During a discussion about our UX process at Zuhlke (we’re always inspecting and adapting), we spoke about the tools, techniques and technologies we’d recently used in our projects. It became apparent that as UX engineers we used a range of approaches dependent on what we were trying to achieve.
We didn’t get hung up about the fact that some of us didn’t use paper prototypes for their last project or that others had not created a service or experience map for theirs. What came out of the chat was that we all applied the tools appropriate to the projects at the time to get the best outcome for our users. We did things that ensured our understanding of the problem spaces, the user of the product and business cases was thorough and solid.
In the fast changing world of UX sometimes there’s an eagerness to try out the latest and greatest prototyping tool, try a new wireframing toolkit or develop ultra-detailed artefacts when they aren’t warranted. It’s important that UX engineers have an understanding of the tools available to them. It’s as important they understand what they wish to communicate before they select the tool to communicate with.
The tools and techniques we use will generate an artefact of some kind. Interviews will generate transcripts, which in turn could generate a spreadsheet or a wall of post-its containing the responses. Process investigation can generate a flow chart, a journey map or an storyboard. After a design process a prototype could be created, should it be a paper or clickable prototype? The answer to all of these is defined by 2 things, who is the audience and what do you want to communicate to them?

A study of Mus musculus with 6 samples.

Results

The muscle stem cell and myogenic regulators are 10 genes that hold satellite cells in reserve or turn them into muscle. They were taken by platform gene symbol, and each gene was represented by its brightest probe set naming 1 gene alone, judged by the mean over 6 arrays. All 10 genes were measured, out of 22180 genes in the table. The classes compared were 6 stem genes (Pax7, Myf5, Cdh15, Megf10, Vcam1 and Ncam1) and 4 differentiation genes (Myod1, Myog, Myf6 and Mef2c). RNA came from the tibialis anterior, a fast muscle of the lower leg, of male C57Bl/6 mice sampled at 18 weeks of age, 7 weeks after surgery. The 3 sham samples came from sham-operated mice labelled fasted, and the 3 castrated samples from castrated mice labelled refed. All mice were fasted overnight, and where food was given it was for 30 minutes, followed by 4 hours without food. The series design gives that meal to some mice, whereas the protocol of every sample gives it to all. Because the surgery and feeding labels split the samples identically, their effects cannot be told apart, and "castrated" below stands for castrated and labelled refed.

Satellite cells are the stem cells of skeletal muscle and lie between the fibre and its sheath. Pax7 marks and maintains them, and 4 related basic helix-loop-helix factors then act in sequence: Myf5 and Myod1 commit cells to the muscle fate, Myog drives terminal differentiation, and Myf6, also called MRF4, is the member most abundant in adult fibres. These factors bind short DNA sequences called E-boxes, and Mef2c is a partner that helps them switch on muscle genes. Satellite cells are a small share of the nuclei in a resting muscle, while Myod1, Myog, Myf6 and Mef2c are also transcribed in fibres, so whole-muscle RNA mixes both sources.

When communicating with a development team the outcome we are seeking is shared understanding of a piece of functionality. One process could be to have a huddle at a desk or sketch on a white board. Take photos of the sketches and make notes, these will be attached to user stories in the backlog. This is the best way to communicate with the team, if higher fidelity is required it can be delivered, but usually a sketch or lo-fi prototype is plenty good enough. The aim is to get to testable, working software in front of users not to create higher fidelity prototypes.
If the audience is a user group and the outcome is confirmation of a feature or workflow in an application, an interactive prototype is usually a good idea. The selected tool depends on the situation (Axure, Pixate or a CMS driven wireframe), but one needs to ensure they are testing the right thing (i.e. users aren’t focused on design when process or workflow is what you’re interested in). Preparing a statement to define the task required of the users and what they should expect of the prototype ensures users have an understanding of what is expected of them. Interactive prototypes are valuable if they can provide something close to what might finally be delivered and that the outcomes of the test session relate to feature or process in question. Again, the aim is to get to working software, timeboxing prototype generation is a good idea.
There have been times when we’ve presented early thinking to product management teams using paper prototypes and telling the story of a user’s journey. In these cases the outcome we’re looking for is a shared understanding of the problem space, input or direction from the audience and communication that nothing is, as yet, set in stone.
Earlier in a project it may be better to use sketchier and less ‘designed’ artefacts as you may wish to communicate that you are still in a research or creative phase. As the project progresses your assets may need more polish to communicate a move to a more finished product.
Considering the desired outcomes of your process helps when deciding how much effort to expend on developing an artefact. When trying to describe a complex process, affecting many parts of the product delivery one should spend the time to get it right. These types of assets can truly shape a project. Creating a detailed infographic to describe the outcome of an interview round may not be the best use of your time, and a simpler communication method should be sought.
As was said earlier, consider who your audience is and what do you want them to get out of the work you’ve been doing. Do you want to give direction, evidence or options? Figuring these things out first will streamline your workflow and improve communication throughout your product team.